What makes poetry work? Why is it different than fiction and other genres? I’m not sure any scientific answer is possible to this question, since it involves so many elements, many of which simply can’t be measured objectively. But this view hasn’t kept appraisers of literature from trying to say what makes poetry different.
Part of the difference is found in the “music” of poetry—its use of rhythm, rhyme and other features to connect to the reader or hearer of its words.
Orson F. Whitney was among those who tried to describe what makes poetry different, as part of his 1926 Improvement Era essay, Oratory, Poesy and Prophecy. This extract is from the beginning of the third part.
Oratory, Poesy and Prophecy
by Orson F. Whitney
Poesy is the power by which we appreciate and sympathize with all that is good, pure, true, beautiful and sublime. That high sense of right which scorns all wrong; the sword and balance of Eternal Justice; the voice of Mercy pleading for the fallen; the tongue of Truth heralding salvation and reform; the oracle of Liberty proclaiming freedom to the oppressed; the thunderbolt of retribution that lays the tyrant low;—poesy is the Spirit of these things.
Beware, therefore, how you say that you do not like poetry, lest you paint your own portrait in uncanny colors, confessing yourself to be one of those of whom Shakespeare says:
The man that hath no music in himself,
Nor is not moved with concord of sweet sounds,
Is fit for treasons, stratagems and spoils;
The motions of his spirit are dull as night,
And his affections dark as Erebus,—
Let no such man be trusted.
Poetry is music—the music of languages; but that is not all, nor most. It is the music of thought, the melody of sentiment, the harmony of the human with the divine; deep answering to deep, man’s soul attuned to and in unison with the mind and heart of the melodious universe. “All inmost things are melodious,” says Carlyle—”naturally utter themselves in song.” “It is a man’s sincerity and depth of vision that makes him a poet. See deep enough and you see musically, the heart of nature being everywhere music, if you can only reach it.”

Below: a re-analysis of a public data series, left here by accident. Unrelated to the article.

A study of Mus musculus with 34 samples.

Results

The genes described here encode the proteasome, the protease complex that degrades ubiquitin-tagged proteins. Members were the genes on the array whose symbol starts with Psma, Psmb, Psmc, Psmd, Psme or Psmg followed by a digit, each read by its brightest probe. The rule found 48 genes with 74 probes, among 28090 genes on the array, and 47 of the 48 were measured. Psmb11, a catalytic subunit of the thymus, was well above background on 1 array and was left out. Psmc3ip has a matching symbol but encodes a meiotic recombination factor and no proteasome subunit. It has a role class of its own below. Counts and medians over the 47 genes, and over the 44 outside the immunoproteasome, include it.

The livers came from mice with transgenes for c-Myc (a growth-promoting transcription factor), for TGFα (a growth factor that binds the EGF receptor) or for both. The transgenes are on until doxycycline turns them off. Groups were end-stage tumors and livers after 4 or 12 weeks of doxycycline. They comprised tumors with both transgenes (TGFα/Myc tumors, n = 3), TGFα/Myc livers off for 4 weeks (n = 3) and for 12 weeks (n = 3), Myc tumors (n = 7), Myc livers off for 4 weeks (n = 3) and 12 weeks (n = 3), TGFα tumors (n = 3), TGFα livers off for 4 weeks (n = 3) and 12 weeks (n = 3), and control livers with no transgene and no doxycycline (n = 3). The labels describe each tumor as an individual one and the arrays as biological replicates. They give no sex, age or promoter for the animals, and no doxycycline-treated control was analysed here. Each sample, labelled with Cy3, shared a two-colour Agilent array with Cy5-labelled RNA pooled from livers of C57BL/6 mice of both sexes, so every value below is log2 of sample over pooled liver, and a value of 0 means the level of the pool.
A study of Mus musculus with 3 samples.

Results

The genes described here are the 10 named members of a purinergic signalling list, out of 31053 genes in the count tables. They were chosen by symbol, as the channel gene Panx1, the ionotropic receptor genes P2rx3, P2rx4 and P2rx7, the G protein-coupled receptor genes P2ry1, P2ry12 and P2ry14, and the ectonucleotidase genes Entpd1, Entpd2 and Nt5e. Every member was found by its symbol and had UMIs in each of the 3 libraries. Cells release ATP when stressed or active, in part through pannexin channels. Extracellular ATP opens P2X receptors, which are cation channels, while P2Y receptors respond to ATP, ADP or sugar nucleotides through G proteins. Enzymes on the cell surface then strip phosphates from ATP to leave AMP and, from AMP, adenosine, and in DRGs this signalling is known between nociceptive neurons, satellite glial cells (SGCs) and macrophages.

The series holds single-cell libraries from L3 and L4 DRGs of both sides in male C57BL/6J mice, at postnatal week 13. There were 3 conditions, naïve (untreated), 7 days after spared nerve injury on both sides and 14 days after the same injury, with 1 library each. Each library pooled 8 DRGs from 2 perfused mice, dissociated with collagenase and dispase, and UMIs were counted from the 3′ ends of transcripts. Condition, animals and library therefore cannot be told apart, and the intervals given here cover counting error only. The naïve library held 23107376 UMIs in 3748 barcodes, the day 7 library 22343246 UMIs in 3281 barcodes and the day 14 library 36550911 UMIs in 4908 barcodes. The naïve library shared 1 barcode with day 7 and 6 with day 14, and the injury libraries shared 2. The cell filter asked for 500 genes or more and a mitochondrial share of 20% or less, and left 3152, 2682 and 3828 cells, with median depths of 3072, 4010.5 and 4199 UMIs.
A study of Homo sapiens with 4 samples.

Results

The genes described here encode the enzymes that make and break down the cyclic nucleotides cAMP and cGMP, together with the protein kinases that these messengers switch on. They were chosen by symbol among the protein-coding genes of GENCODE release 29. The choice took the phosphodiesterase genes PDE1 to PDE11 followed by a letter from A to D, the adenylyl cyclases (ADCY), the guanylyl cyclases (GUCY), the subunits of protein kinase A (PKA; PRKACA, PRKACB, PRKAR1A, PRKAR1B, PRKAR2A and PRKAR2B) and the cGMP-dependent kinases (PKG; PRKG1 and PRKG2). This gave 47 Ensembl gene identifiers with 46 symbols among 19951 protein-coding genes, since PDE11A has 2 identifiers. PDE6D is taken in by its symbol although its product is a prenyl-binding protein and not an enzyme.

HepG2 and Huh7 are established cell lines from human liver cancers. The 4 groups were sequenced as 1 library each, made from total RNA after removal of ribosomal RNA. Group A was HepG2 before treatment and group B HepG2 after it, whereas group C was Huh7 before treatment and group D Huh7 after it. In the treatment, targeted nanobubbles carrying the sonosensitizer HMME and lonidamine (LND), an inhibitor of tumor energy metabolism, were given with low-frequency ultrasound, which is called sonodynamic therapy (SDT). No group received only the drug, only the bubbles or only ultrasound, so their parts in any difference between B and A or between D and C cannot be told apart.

Yes, there is such a thing as silent music. Keats knew it when he wrote his immortal “Ode to a Grecian Urn,” and gave us these beautiful lines:
Heard melodies are sweet, but those unheard
Are sweeter. Therefore, ye soft pipes, play on.
“Speech is silvern; silence is golden.” Silence we instinctively associate with profundity; not because the rule holds good in every case, but because it is a rule, notwithstanding the exceptions. Speech is on the surface; thought is in the depths. “The shallows murmur, but the deeps are dumb.”
The most powerful speakers—and all are not powerful that are so styled—are not the glib and fluent who generally have more words than ideas; but those who are deliberate, even halting, until aroused, when, like the cataract or the storm unchained, the impetuous torrent of eloquence, breaking from its fastenings, sweeps past every barrier, carrying all before it.
Improvement Era, v29 n7
May 1926, p. 628-629
I don’t think Whitney is saying anything that others haven’t said before, but its certainly said with his characteristic style. But instead of his previous concentration on the symbolic and substantive characteristics of poetry, here he focuses on its musicality.
I especially like his description of poetic music:
It is the music of thought, the melody of sentiment, the harmony of the human with the divine; deep answering to deep, man’s soul attuned to and in unison with the mind and heart of the melodious universe.
That is certainly beautifully, perhaps poetically, put, although I’m not sure how it will help me identify these elements in a text, so I can determine that it is poetry. I do think that later he is better at capturing something important, when he talks about silence and music:
Yes, there is such a thing as silent music.… The most powerful speakers—and all are not powerful that are so styled—are not the glib and fluent who generally have more words than ideas; but those who are deliberate, even halting, until aroused, when, like the cataract or the storm unchained, the impetuous torrent of eloquence, breaking from its fastenings, sweeps past every barrier, carrying all before it.
This final description is certainly something I’ve heard before, if not experienced. Because of Mormonism’s focus on the untrained speaker, the everyday member who bear’s heartfelt testimony on Fast Sunday, I believe I have heard exactly such powerful speakers, whose silence often means more than anything they actually speak.